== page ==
Many of you might be wondering what a PGSA is; it’s your Post-Graduate Student Association. Most departments have one. They are the hard working graduate students and post-docs that organize a number of different types of events and are your representatives at PGSS council meetings. If your department doesn’t have one, talk to PGSS. It’s likely you could start one up!
Different PGSAs have different levels of presence just like how students of different departments have different levels of participation. They might run a variety of events; some run conferences, or social events, or even trips. I’m currently an executive member of BGSS (Biochemistry Graduate Student Society) and as our council year draws to a close I thought I’d write about the benefits (and frustrations) of being part of a PGSA.
Make new friends. This was probably the biggest benefit of joining BGSS for me. Grad school can be isolating at times, but having joined BGSS I’ve meet many other students from different labs. Even if we don’t all become besties, it expands your professional network and helps with collaborations. I’ve found it much easier to ask a BGSS colleague for help than approaching random people with only a cursory introduction. Plus, the professors and administration begin to know who you are, which brings its own set of advantages. Conversely there are challenges with this too, you won’t get along with everyone but dealing with interpersonal friction is a learning experience in itself.
Resume builder. Frankly, an executive position looks good on the CV. I mean, don’t join just to put it on your CV, you need to participate and do the work. And then you can put it on your CV. Furthermore, you gain a lot of “soft” skills by working in a team environment. It’s something tangible you can point to when you want to talk about leadership, organizational or communication skills, as well as actually developing those skills.
Managing Expectations. This is the frustration part. Not everyone is going to be as invested as you are, both fellow council members and all the other students in the department. It can be a big letdown when you spend the time and energy organizing these events and your turn out is lower than expected. Worst is trying to get people to participate and everyone tells you they are too busy. But as discouraging as it is, that’s life. I try to remember that even if only a couple people get something out an event, well then that’s enough! Being able to managing expectations is a valuable lesson.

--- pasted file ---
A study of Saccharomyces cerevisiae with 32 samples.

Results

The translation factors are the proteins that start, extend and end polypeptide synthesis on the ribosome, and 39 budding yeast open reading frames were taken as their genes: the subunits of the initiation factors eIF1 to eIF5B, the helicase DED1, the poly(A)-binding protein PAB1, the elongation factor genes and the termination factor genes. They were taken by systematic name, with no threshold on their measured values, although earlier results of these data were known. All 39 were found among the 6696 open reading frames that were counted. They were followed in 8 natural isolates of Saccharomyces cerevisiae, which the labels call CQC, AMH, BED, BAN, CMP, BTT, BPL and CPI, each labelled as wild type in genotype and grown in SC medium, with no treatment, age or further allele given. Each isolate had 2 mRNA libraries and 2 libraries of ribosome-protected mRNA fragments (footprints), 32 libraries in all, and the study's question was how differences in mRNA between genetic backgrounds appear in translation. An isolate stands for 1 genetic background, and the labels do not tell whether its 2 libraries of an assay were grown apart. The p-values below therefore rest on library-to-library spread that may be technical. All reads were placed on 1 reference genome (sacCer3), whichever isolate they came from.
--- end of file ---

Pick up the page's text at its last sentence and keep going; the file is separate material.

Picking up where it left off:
Make a Difference. It’s corny, I know. And I’m not saying our bi-monthly Pub Night or our Valentine’s Day CandyGrams are going to change the world. But I think there is real benefit in our Poster Day events that allow students to present their work and offer travel awards or our Career events I’ve talked about before which strive to increase awareness of non-academic career options, something I think is lacking. These sort of events were helpful to me before I joined the council and I appreciate the effort that goes into them more now. And if you have an idea for an event, you have the support and (usually) funds to make it a reality.
And it’s fun!
So if any of this sounds like something that might interest you, I encourage you to reach out to your departmental PGSA. Different councils have their elections at different times, some take general members on all year round.
And since I can’t resist but promote my own council, BGSS elections will be starting in a couple weeks. If you’re in Biochem, we’d love to have you!